Data Privacy and Security

William Hague: "There can ultimately be no absolute right to privacy"

In the same week MPs voted overwhelmingly to approve the Investigatory Powers Bill (aka the “Snooper’s Charter”) Lord William Hague defended the bill and decried unbreakable encryption.

Speaking at the InfoSecurity conference in London this week, the former Foreign Secretary warned that people would turn against encryption in time, and instead called for partnerships between public and private sector to protect people and businesses.

“In a world where private information can quite often protect the tax payer or stop a multitude of crimes or save lives, in my view there can ultimately be no absolute right to privacy,” he said. “Each case that comes to light in tax evasion, gang brutality, modern slavery, terrorist attack, is cumulatively damaging to the case for unbreakable encryption.”

“If we were not able to gather intelligence effectively about organised crime or terrorist activity, restrictions on the liberty of our citizens in many other ways would have to be much more serious and Draconian.”


IP Bill is no “Snooper’s Charter”

Lord Hague spent much time defending the IP Bill, saying it is merely clarifying and consolidating the current laws and actually adds more “checks and balances” to current processes when it comes to intercepting communications.

“If people could see how that [the process for authorising communication interception] happens on a daily basis, the anxiety and hostility would be somewhat alleviated.”

He claimed the new bill adds a layer of judicial review to a process where all authorisation has to be given by the Foreign Secretary, the Home Secretary, or the Northern Ireland secretary and is accompanied by “voluminous legal advice”.

“People don't often hear what it’s like to actually make these decisions about intercepting communications. If people could see it in action they would see how ridiculous the idea of a “Snoopers' Charter” is.”


Proud of UK intelligence

Lord Hague also spent time defending the work of the UK’s intelligence agencies, going so far as to say when in office he had a German enigma machine on show to remind visitors of the country’s history and prowess in this field.

“[In government] you see in great detail the work of our intelligence agencies. Our security agencies are often publically attacked, they have few opportunities to defend themselves. If anything ever happens in the world that they didn't anticipate they are roundly condemned, but their successes are often not known about for decades and are often unsung, often unknown.”

“Any failure, by contrast, is a national headline. [Yet] they are packed with outstanding people, they are well-led, they include some of our finest public servants, and we could not live peacefully for a single day without the work of those agencies.”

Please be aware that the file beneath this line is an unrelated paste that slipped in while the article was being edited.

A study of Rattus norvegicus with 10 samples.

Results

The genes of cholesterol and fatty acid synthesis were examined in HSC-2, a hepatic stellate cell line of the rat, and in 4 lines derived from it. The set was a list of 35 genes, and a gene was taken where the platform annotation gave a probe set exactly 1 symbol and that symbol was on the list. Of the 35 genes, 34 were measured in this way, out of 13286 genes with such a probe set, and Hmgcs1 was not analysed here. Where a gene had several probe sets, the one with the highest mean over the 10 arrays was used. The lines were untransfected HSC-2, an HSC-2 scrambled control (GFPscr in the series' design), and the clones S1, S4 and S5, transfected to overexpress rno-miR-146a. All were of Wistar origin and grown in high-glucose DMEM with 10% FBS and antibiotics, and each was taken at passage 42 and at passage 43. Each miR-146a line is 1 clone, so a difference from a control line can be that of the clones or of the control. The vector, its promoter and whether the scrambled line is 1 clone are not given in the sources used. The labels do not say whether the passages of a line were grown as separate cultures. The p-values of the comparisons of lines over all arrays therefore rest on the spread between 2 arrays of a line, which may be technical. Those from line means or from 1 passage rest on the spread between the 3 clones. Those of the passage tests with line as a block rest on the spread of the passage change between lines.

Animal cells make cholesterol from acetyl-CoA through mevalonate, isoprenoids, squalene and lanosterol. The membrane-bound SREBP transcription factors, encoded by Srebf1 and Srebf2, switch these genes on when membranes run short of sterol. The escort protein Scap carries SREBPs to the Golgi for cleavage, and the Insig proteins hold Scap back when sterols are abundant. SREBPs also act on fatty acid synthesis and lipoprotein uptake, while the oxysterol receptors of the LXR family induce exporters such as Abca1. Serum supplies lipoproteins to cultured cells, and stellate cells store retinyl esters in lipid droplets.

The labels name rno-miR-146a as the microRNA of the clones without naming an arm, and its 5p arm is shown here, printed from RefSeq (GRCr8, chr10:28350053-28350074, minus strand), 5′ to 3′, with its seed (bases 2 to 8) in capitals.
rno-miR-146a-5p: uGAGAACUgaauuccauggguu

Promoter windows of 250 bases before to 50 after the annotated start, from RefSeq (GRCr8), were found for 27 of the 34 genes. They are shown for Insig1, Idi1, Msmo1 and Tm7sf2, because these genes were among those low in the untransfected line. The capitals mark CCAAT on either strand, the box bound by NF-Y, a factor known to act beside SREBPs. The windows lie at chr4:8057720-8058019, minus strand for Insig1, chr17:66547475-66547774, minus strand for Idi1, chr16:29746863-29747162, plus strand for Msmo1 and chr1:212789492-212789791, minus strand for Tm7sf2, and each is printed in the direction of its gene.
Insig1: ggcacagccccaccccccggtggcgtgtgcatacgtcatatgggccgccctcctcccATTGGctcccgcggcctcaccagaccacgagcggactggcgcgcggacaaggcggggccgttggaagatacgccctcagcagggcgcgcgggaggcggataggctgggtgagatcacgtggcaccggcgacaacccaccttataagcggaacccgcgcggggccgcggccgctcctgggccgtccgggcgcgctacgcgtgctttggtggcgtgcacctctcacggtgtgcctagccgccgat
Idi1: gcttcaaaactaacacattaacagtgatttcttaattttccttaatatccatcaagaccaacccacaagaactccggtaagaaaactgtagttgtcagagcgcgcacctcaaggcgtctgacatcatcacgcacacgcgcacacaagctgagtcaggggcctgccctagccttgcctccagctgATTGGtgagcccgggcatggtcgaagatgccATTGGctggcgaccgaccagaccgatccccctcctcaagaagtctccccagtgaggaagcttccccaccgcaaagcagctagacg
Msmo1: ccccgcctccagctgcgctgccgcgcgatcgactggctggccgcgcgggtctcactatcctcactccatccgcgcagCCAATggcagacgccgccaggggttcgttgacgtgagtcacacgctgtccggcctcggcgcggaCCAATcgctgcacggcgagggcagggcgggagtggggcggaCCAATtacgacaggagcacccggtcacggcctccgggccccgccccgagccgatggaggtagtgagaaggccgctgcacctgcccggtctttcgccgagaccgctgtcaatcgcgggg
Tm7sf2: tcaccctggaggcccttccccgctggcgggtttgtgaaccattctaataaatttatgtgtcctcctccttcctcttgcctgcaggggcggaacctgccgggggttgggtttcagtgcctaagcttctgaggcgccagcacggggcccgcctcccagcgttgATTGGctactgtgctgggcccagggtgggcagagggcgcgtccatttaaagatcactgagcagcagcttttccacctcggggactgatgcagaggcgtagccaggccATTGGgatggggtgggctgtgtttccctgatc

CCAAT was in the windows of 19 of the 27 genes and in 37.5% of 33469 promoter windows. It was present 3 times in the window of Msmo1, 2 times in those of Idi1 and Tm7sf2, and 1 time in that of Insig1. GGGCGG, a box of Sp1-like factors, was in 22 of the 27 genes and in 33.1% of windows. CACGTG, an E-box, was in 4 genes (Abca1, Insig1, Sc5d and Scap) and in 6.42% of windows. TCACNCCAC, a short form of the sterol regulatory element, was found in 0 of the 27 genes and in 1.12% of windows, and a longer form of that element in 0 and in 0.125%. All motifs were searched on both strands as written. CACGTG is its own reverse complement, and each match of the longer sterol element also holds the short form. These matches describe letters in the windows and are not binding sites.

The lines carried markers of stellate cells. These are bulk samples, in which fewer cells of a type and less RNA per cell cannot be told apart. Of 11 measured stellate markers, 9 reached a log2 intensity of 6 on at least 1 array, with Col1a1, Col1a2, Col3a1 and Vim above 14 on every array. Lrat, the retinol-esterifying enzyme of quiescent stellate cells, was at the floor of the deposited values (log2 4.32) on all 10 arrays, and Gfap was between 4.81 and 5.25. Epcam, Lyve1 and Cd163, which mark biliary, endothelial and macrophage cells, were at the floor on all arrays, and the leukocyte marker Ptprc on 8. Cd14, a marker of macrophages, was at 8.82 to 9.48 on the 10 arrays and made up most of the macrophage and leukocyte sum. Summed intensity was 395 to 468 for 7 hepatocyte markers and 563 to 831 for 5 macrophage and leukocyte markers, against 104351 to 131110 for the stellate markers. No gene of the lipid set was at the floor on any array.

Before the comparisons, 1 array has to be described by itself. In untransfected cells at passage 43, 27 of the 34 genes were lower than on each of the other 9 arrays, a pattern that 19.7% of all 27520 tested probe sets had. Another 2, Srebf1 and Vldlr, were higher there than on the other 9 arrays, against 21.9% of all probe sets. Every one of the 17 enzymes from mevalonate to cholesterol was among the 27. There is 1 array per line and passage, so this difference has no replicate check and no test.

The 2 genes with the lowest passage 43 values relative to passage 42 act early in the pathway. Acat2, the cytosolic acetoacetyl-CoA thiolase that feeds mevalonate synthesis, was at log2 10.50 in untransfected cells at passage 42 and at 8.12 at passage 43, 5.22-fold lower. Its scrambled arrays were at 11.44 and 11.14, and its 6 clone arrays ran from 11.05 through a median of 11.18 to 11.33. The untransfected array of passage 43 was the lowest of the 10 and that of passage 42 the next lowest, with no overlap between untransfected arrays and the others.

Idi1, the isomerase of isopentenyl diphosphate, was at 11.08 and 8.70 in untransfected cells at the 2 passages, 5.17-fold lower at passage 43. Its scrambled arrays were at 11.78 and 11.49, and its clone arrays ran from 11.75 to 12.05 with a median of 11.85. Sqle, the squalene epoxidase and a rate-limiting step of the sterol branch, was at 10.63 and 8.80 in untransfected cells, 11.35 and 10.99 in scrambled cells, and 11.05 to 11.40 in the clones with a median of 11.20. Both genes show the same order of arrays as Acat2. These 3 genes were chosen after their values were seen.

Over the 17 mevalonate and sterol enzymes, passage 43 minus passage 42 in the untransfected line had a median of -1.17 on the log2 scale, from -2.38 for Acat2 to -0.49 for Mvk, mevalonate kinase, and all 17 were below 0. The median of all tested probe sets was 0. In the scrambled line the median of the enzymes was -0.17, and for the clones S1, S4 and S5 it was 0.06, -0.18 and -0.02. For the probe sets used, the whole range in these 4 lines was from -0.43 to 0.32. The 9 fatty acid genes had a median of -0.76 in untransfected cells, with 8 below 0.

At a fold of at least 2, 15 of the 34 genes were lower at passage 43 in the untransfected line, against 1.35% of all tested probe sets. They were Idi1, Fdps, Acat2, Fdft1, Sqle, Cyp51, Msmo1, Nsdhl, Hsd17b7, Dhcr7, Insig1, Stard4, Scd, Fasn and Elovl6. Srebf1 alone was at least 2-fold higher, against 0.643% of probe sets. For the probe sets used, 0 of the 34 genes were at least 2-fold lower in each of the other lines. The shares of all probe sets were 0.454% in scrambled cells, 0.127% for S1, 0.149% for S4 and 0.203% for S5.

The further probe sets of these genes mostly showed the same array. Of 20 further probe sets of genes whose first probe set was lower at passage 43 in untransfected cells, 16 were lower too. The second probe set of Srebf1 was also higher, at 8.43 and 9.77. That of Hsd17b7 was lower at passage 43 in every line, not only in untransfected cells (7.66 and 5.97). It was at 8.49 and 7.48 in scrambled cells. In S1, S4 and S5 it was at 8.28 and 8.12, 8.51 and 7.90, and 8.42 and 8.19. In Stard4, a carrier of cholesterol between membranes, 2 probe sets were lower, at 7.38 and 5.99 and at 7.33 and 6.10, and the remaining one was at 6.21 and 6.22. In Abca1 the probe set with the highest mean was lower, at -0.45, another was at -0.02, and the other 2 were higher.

A cyber apocalypse only prevented by partnerships

The Apple versus FBI case – where the former refused to unlock an iPhone for the latter - was a “genuine and understandable clash of principles” that’s “likely to happen again especially since not resolved in court”. But in a speech repeatedly calling for cooperation, he admitted this case is “Not representative of how government and companies have worked together in the past.”

Hague wasn’t shy in describing the threats and dangers from the world of cyber if there is no cooperation.  

“It’s a depressing fact that there are far more organisations and activities than the average citizen might suspect aimed at causing people in this country harm,” he said.

“Companies and Counties that don't successfully defend themselves; identities will be stolen, intellectual property will be taken by others, war planes will be outmanoeuvred, airspace will be invaded, financial institutions will be embarrassed, private information will be published, security agencies will be infiltrated, infrastructure will be made vulnerable, and so for the individual, for the company, for the government or nation, there is a need for both privacy and security, and...only a network of partnerships will succeed in protecting that privacy and security.”

“Some companies are extremely impressive in their information security centres, some companies are still barely keeping up with a threat of attack that is mutating every hour, and is designed not only to steal data but to damage industries or financial services through data loss or destruction.

“In an environment where such attacks are a weapon for people who regard themselves as disenfranchised against elites or corporations, we should probably expect further such attacks that are designed to ruin a financial institution and thereby cause severe loss of confidence in the global financial system. One bank anywhere losing all its data including its backup data could create a reaction that would trigger worldwide economic consequences.

“So while we shouldn't be alarmist about this, a bit more alarm in some board rooms would probably be appropriate.”


Also read:

InfoSec 2016: GDPR hangs heavy over Europe



Dan is a journalist at CSO Online. Previously he was Senior Staff Writer at IDG Connect.